It's been a tough year for Wal-Mart, and things are about to get tougher.
Last Tuesday, at the world premiere of Robert Greenwald's Wal-Mart: The High Cost of Low Price, SEIU chief Andy Stern declared: "This isn't just the premiere of a movie, it's the premiere of a movement." During the week of November 13 to 19, over 3000 screenings of the film are planned in all 50 states and 19 countries. Throughout "Wal-Mart Week," the two largest groups opposing the retail behemoth's practices, Wal-Mart Watch and Wake Up Wal-Mart, are planning an unprecedented series of actions.
Spiraling into PR crisis mode, the world's largest corporation has just assembled a "rapid-response public relations team in Arkansas," which includes former presidential advisors Michael K. Deaver of the Reagan Administration and Leslie Dach of the Clinton White House. Wal-Mart's new "war room" certainly has its work cut out for itself.
While the movement to change Wal-Mart has reached a fever pitch, throughout the year, Wal-Mart Watch and Wake Up Wal-Mart have waged a tireless and highly coordinated campaign. Here are some of the highlights:
-- Innovative Boycotts: Over 2,000 teachers, students, and activists in more than 20 states participated in Wake Up Wal-Mart's national "Send Wal-Mart Back to School" campaign with the AFT and NEA (the country's two largest teacher unions), urging students to buy school supplies at stores other than Wal-Mart. Over 20,000 Americans pledged not to buy their Mother's Day gifts at Wal-Mart thanks to Wake Up Wal-Mart's Love Mom, Not Wal-Mart" campaign.
-- Make Wal-Mart Care About Health Care Campaign: Wake Up Wal-Mart helped coordinate more than120 house parties in 38 states, which led to over 150 actions encouraging legislators to crack down on Wal-Mart's health care policy. Thanks largely to pressure from Wake-Up Wal-Mart supporters, Rep. Anthony Weiner, Sen. Ted Kennedy, and Sen. Jon Corzine introduced the Health Care Accountability Act in Congress--which would require states to disclose the names of large employers whose workers are on Medicaid as a result of the companies refusal to provide insurance benefits.
-- Fair Share Health Care Act: Representatives of Wake Up Wal-Mart and Wal-Mart Watch lobbied Maryland's legislature and helped pass the first legislation in the nation that would require large companies (specifically Wal-Mart) to pay for health benefits for employees. Although Republican Gov. Robert Erlich vetoed the bill, the movement to get such legislation passed in other states has just begun. Over 2,000 Wake Up Wal-Mart supporters have pledged to lead the fight in their states to introduce Fair Share Health Care legislation (click here to help introduce such a bill in your state). In September, the Working Families Party and the Long Island Federation of Labor helped get a bill passed in Suffolk County, New York.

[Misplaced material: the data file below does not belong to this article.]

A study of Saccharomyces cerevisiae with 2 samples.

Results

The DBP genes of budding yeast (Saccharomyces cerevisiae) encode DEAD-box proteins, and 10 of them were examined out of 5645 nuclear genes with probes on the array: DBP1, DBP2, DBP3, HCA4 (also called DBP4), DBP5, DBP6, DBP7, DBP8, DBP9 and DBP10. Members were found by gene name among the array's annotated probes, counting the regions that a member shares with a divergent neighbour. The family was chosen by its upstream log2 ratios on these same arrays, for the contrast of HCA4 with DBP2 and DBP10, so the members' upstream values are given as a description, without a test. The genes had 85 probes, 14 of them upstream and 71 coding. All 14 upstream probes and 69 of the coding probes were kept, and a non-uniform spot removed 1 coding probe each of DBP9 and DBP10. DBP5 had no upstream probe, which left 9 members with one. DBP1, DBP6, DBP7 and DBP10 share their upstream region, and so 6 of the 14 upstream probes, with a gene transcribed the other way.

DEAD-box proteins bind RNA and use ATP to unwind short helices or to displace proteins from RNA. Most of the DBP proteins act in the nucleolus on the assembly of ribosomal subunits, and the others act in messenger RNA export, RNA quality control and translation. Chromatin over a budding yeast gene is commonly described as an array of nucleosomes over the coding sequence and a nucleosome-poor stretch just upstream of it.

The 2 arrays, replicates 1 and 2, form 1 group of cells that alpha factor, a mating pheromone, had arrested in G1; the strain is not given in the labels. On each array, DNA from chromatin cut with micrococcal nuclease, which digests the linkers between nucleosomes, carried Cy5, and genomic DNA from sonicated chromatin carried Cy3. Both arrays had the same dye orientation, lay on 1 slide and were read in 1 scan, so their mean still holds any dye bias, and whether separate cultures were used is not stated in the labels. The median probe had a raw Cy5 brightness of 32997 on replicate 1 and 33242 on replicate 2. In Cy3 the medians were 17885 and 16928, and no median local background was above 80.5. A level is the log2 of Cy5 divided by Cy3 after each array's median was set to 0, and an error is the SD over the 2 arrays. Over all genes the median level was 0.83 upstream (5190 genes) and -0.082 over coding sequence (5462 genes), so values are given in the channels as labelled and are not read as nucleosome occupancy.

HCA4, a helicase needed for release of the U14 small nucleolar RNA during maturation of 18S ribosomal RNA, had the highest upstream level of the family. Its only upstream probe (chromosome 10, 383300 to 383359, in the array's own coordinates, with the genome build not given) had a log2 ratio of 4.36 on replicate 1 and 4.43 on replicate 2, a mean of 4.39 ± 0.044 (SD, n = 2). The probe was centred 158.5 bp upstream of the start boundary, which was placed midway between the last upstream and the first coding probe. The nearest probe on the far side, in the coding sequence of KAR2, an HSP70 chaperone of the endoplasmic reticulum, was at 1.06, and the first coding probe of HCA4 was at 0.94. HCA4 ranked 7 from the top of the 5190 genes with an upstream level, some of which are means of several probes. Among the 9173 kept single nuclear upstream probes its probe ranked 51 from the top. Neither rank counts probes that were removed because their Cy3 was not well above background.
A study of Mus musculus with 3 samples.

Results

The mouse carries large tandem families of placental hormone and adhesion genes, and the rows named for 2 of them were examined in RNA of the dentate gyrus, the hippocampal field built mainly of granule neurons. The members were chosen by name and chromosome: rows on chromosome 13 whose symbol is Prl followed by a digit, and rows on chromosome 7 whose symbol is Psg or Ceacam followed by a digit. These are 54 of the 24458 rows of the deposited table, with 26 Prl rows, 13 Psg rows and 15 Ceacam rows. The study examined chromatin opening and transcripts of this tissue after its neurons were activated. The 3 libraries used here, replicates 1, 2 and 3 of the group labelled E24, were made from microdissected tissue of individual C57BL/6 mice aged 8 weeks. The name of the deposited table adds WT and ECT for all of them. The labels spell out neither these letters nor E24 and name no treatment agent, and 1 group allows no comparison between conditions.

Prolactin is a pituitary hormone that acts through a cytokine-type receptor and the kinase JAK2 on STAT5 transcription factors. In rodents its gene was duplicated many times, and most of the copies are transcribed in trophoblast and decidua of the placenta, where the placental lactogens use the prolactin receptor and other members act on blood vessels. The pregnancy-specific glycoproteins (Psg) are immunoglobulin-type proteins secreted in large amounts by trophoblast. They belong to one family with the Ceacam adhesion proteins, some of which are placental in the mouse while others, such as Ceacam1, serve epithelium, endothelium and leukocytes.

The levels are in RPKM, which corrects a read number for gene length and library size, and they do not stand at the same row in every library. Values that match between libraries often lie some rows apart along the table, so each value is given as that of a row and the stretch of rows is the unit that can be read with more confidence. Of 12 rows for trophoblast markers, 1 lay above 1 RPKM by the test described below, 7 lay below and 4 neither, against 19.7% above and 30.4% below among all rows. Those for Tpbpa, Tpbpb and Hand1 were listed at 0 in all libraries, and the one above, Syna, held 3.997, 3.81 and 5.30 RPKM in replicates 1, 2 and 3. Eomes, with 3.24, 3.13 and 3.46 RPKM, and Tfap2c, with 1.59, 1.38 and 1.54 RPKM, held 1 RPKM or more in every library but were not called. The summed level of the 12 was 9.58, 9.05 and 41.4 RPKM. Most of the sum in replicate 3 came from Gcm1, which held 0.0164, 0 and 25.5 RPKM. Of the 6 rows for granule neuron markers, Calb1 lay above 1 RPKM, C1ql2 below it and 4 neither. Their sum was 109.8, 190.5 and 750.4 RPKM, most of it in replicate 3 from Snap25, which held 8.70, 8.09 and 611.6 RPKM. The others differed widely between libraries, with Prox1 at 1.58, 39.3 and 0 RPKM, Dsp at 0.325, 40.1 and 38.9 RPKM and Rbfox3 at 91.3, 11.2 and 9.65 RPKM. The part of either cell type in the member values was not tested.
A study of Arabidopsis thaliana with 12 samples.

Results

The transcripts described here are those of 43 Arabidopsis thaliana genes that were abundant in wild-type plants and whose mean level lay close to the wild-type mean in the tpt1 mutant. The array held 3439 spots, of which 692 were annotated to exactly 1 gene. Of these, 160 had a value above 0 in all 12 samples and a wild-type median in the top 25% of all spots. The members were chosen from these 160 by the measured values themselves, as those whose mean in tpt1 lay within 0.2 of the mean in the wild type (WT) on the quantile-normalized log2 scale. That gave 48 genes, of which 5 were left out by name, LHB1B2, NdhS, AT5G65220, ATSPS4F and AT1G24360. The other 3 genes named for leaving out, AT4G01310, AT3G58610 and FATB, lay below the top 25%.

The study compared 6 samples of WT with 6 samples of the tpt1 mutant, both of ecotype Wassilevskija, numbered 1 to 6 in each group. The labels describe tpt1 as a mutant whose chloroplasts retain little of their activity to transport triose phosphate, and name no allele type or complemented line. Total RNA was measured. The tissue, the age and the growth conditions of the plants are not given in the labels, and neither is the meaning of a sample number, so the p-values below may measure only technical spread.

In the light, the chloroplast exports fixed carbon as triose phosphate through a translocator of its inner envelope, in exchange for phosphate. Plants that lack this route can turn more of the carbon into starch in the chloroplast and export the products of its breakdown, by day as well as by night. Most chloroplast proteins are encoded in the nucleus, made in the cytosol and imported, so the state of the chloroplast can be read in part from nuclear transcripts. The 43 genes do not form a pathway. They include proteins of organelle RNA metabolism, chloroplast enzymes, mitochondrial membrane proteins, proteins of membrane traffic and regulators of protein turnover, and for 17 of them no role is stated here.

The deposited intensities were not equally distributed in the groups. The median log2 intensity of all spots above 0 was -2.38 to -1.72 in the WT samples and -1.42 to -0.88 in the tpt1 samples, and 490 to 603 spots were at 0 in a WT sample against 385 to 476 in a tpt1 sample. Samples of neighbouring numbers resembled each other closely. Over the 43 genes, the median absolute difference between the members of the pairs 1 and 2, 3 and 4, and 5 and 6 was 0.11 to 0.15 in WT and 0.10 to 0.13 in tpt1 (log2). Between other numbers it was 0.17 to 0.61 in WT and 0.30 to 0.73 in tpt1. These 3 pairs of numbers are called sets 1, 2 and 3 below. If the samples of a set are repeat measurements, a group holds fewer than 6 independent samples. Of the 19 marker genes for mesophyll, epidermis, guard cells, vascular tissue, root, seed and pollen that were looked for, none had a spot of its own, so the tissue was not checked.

-- Blocking the Bank: In September, Wal-Mart Watch delivered over 11,000 signed petitions to the FDIC in opposition to Wal-Mart's application for an Industrial Loan Charter (ILC) in Utah. According to Wal-Mart Watch, a Utah ILC "would effectively grant Wal-Mart the ability to loan businesses and individuals money to spend in Wal-Mart stores, violating prohibitions against the mixing of banking and commerce." The petitions have had a "staggering impact on the FDIC" and has significantly delayed the ILC process, says Wal-Mart Watch spokesperson Tracy Sefl.
-- The Leaked Memo: On October 26th, Wal-Mart Watch delivered a knock-out blow to Wal-Mart. The corporation had just made giant strides to rebuild its image--publicly declaring its intentions to offer health care plans for its employees and voicing support for a Federal minimum-wage increase. The very next day, the New York Times published a cover-story on a leaked internal memo, acquired by Wal-Mart Watch, which detailed Wal-Mart's plans to systematically weed out unhealthy employees and applicants in order to avoid health care costs. The exposure of the memo instantly deflated Wal-Mart's hollow attempt at an image makeover.
"We don't want to destroy Wal-Mart. We want to change it, to make it a decent, humane company, which it could easily do," says Chris Kofinis, communications director of Wake Up Wal-Mart, who stresses that Wal-Mart will be a key issue in the 2006 and 2008 elections. "We're not going to rest or sleep one bit until that happens."
[Full disclosure: The Nation is part of a wide coalition of groups, organizations and publications helping to generate interest in the screenings.]